Bakers are familiar with the many functions of amylase, but there are a number of other useful — and underutilized — classes of enzymes they should also examine. Baking & Snack conducts an exclusive Q&A with Jan van Eijk, bakery research director for Lallemand Baking Solutions, Montreal, on this subject.
Baking & Snack: What are the most underutilized enzymes that have potential to improve baked products? What should formulators know about these to make best use of them?
Jan van Eijk: Underutilized can mean that the level used is kept low to save on costs. This is what we sometimes observe for shelf life extending enzymes based on maltogenic amylases.
Sometimes, the level is suboptimal for the type of product produced. This is what we sometimes observe, for example, for xylanases in whole wheat bread applications.
Some enzymes are underutilized because a cheaper chemical alternative is available, but the clean-label trend is reversing this (as with the replacememt of ADA by enzyme-based dough conditioners like our Essential 1019 that contains glucose oxidase).
The most under-utilized enzyme, in our opinion, is phospholipase to replace emulsifiers (DATEM, SSL), which can be done cost effectively and completely in most white pan bread (clean label) applications. If the emulsifier requirement is high (as in most whole wheat bread applications), at least part of the emulsifier can be replaced cost effectively by phospholipase, but the total replacement in a clean-label application sometimes means higher costs because of the extra substrate (lecithin) that may need to be added.
How does enzyme use fit with the trend today that favors “natural” ingredient choices?
Enzymes are biological (natural) products made by fermentation and are label-friendly ingredients that are generally considered as “natural” and ideally suited for clean-label purposes. Since there is no legal definition for “natural,” we have to rely on the general opinion.
In light of the current trend to simplify ingredient statements, how do the plant extracts bromelain and papain fit bakery applications today?
Bromelain and papain are aggressive proteases with broad substrate specificity whose action is hard to control, so they are mainly used as digestive aids and in biscuits and cracker applications where there is less need for a limited specific break down of the (gluten) protein. These enzyme products are less pure and tend to have undesirable side activities (e.g., proteolytic activity in diastatic malt). The modern techniques for producing enzymes have resulted in enzymes that are purer (without undesirable side activities), more economical (especially when using GMO production organisms), more specific with desirable action pattern and better tolerance when added at high dosage levels (compared with bacterial amylase which can give gumminess when used as a softening enzyme vs. maltogenic amylse which gives both softness and improved crumb resilience when used as a shelf-life extending enzyme).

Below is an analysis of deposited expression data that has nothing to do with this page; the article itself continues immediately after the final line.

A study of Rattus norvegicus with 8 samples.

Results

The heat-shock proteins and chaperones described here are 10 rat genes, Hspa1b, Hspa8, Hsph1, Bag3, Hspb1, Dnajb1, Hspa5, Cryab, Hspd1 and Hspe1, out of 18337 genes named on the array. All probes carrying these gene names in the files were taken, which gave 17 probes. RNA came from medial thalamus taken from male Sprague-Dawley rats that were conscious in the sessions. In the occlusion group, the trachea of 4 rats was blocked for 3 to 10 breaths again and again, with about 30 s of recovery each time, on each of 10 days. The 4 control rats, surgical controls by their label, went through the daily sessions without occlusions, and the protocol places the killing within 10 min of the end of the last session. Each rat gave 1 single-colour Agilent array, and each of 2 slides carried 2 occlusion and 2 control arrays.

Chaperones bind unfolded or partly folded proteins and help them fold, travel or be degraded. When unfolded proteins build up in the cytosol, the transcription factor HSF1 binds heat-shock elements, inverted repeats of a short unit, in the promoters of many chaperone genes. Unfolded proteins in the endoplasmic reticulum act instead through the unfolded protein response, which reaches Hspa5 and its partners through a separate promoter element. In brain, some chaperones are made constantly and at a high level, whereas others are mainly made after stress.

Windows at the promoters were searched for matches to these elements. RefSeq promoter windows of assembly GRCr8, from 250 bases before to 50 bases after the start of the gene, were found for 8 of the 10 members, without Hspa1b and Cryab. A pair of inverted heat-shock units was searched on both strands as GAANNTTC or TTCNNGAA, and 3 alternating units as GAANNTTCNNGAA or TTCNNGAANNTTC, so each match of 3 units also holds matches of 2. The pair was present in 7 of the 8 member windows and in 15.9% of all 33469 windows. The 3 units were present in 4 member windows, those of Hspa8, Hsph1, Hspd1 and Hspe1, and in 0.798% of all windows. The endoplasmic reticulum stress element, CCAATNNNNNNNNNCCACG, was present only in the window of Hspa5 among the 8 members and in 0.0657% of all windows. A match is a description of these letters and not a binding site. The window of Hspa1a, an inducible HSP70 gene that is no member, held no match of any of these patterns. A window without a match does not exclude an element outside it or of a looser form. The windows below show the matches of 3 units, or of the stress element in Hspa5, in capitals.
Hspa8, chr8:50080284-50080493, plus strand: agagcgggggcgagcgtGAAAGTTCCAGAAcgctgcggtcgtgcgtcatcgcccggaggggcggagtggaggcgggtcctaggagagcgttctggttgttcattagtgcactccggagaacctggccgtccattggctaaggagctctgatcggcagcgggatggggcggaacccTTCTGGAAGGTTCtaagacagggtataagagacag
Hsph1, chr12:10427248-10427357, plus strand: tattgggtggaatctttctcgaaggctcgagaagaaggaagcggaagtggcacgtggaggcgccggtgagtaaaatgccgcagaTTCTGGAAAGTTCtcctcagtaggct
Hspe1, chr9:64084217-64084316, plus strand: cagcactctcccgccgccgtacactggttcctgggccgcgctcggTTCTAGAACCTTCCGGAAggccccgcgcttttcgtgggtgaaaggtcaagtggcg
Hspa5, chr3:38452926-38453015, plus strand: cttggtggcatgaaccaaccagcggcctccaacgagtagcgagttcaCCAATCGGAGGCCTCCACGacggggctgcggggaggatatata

What advice do you give a baker/customer wanting to switch out of chemical additive ingredients and into enzyme-based materials? How can they get started with such conversions?
Most baker/customers want to switch from chemical additives (or those with chemical sounding names) to enzyme-based products to clean up the label and make the ingredient statement more consumer and label-friendly. So they need to ask what ingredients they want to remove from their recipe and which ones they want to keep.
Our experience tells us that almost all functional ingredients for improving bread quality (loaf volume, crumb structure, softness) can be replaced by enzymes, while calcium propionate used as a mold inhibitor can be replaced by organic acid products made by fermentation. Lallemand is introducing a new patented clean-label solution for replacing propionate as a mold inhibitor, called Essential Fresh which can also be used in conjunction with chemical mold inhibitors to further extend mold-free shelf life.
How should enzymes be stored and handled within the bakery setting?
Stability of enzyme-based dough conditioners is affected by the type of enzyme(s) but, more importantly, by the carrier used to provide it to the baker in a form that can be most easily dosed. When we use carriers with low water activity (Aw) such as redried flour, calcium sulfate or calcium carbonate, in most cases we can guarantee a shelf life (based on minimum activity) of the products of 1.5 years when stored at ambient temperature in a closed package to avoid moisture uptake. In case of regular flour or carriers with higher moisture content, the shelf life is usually shorter (nine months to one year). Enzyme-containing products can also be refrigerated to further extend their shelf life stability.
What is Lallemand’s most recent introduction of enzymes or enzyme-based products for use in baked foods? What function do they serve in which products?
Our latest product introductions are clean label products such as Essential CL 732 and Essential CL 1302. We also have introduced a product for ADA replacement called Essential 1019. We will also introduce new enzyme based dough conditioners for shelf life extension.